Friday Box Office Analysis
By Kim Hollis
November 7, 2015

Bond has to have the tech guy do the computery stuff.

As we thankfully put October in our rearview mirror, November arrives with a pair of new releases that breathe fresh life into a box office that has been largely depleted.


The 24th film in the James Bond franchise, and the final hurrah for Daniel Craig as the titular character, debuted on Friday with a healthy $28 million. That number does include $5.25 million from previews on Thursday night, which puts the actual Friday number at $22.75 million. Although the studio was likely harboring some small hope that the film could come out ahead of Skyfall’s debut weekend of $88.4 million, it’s pretty clear that middling reviews and the lack of a hook like the 50th anniversary celebration that Skyfall enjoyed will mean a more subdued total.

If we look at the opening weekend patterns for the other Daniel Craig films, we can see that the previous films had Friday-to-Sunday multipliers of 2,77, 2.5 and 2.9. Quantum of Solace is kind of the outlier here, as it is easily the worst of the recent Bond films, and yet it also seems to be a decent comparison as the Friday total is pretty comparable. Of course, box office behavior has changed since then as the advent of Thursday night previews came into play.

If we give Spectre the benefit of having remaining goodwill from the awesomeness that was Skyfall (plus the IMAX premium), we’re probably looking at a Friday-to-Sunday multiplier of 2.75. If we apply that number to the “true” Friday total, we’re looking at a three-day total of $62.6 million. Add back the $5.25 million from Thursday and you get an estimated debut weekend of $67.8 million. This expectation is realistic, but you can probably count on the Sony to go ahead and estimate it up at $70 million to get the better headline. They’ll just borrow the overestimated portion from weekdays.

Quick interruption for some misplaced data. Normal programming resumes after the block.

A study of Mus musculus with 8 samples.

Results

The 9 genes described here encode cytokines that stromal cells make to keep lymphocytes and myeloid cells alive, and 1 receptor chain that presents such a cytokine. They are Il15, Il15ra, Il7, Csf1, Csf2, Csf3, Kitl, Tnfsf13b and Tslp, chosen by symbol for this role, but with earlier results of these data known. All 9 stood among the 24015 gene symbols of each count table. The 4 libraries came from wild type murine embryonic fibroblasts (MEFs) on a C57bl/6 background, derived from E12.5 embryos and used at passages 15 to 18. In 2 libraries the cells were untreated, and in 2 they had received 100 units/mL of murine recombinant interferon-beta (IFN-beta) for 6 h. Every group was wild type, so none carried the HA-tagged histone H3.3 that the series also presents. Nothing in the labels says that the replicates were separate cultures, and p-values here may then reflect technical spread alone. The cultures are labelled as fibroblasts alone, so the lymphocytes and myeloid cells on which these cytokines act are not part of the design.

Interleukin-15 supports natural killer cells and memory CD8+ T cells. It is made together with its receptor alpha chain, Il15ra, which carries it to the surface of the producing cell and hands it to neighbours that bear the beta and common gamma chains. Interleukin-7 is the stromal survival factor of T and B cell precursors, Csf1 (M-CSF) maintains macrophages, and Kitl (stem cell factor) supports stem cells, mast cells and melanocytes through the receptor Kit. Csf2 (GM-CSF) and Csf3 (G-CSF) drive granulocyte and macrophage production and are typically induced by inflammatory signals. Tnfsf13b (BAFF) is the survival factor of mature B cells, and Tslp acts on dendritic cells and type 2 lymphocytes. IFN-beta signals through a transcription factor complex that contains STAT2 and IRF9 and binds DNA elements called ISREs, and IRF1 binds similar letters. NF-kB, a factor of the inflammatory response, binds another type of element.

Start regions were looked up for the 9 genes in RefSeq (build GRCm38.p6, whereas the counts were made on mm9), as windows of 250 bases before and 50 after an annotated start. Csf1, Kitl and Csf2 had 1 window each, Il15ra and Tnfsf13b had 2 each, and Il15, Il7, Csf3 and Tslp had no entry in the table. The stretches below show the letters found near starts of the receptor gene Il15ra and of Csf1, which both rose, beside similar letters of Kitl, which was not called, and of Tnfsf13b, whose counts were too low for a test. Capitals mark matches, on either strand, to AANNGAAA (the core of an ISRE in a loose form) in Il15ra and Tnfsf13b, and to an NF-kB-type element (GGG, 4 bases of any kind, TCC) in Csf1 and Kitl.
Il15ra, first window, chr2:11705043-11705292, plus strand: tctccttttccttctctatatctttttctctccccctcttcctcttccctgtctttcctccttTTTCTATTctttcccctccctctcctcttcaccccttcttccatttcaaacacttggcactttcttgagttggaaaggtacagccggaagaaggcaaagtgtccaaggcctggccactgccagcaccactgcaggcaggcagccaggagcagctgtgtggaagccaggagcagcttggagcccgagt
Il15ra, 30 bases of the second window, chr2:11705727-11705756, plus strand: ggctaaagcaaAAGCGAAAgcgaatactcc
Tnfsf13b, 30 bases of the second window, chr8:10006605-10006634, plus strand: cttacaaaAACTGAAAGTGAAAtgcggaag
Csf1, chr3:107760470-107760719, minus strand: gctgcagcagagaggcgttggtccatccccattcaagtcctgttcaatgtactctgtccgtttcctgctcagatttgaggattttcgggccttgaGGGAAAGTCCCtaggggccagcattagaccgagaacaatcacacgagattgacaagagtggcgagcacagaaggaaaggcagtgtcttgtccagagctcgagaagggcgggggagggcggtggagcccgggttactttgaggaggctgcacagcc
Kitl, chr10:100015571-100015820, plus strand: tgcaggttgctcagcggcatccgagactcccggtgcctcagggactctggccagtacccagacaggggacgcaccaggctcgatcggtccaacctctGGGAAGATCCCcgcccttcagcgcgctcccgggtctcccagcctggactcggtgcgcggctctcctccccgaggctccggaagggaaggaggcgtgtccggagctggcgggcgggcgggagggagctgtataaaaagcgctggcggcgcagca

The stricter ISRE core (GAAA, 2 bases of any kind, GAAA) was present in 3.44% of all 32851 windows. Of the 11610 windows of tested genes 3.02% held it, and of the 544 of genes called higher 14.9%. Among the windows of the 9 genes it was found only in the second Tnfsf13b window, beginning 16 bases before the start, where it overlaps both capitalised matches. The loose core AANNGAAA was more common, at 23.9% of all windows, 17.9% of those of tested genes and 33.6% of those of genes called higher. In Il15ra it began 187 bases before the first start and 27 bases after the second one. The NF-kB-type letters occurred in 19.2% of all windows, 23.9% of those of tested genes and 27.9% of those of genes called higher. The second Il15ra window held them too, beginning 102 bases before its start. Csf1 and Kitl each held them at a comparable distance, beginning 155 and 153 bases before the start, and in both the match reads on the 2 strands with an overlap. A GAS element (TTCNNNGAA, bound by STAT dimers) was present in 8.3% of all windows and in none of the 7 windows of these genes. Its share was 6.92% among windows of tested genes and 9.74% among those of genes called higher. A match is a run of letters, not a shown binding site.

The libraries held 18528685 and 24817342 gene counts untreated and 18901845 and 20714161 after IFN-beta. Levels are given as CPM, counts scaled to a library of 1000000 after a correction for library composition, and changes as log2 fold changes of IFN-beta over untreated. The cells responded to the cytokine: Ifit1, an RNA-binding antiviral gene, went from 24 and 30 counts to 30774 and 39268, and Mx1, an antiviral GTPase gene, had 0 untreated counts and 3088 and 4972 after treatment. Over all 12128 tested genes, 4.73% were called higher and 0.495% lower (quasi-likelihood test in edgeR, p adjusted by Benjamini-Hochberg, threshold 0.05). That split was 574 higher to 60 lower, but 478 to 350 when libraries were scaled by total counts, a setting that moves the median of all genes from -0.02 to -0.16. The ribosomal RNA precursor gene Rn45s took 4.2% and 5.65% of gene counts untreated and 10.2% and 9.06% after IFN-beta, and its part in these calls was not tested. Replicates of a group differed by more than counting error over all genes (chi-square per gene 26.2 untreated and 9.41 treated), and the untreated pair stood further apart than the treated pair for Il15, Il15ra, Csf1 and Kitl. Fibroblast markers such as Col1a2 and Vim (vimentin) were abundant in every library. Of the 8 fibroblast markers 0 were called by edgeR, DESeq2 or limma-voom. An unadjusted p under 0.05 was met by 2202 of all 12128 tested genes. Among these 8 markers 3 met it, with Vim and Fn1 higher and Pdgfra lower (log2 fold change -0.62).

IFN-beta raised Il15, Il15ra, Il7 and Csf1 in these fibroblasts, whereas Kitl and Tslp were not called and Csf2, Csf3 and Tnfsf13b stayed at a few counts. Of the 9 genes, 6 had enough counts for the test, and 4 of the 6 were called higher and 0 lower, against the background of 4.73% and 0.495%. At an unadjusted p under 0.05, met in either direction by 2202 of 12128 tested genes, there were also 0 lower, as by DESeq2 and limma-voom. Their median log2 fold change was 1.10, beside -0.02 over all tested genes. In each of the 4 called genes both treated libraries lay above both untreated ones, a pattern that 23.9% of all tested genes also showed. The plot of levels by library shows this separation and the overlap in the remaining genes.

The Peanuts Movie

Charlie Brown, Snoopy and friends returned to the big screen for the first time in 30 years, and it certainly seems fair to say that they were missed. From Blue Sky Studios and 20th Century Fox, the beloved characters were animated in CGI for the first time ever, and the response has been almost universally positive. Both critics and audiences are loving The Peanuts Movie, which helped push it to a terrific Friday total of $12.1 million It had no Thursday night previews, so every dollar reported for Friday is serious business.

In recent years, animated movies to debut in early October have averaged a 3.5 weekend multiplier, and given the positive word-of-mouth for Peanuts, there’s no reason to think it won’t be exactly in that ballpark. That would give the animated flick an opening weekend of $42 million, and a very solid start at profitability (the film’s budget was $100 million).

”Notable” Holdovers

The returning films from last week are barely worth reporting on. Of last weekend’s new releases, Burnt fell 51%, Our Brand is Crisis declined 60%, and Scouts Guide to the Apocalypse dropped a whopping 73%. With a stacked November for box office releases, look for the majority of the October leftovers to fall off the face of the Earth quickly.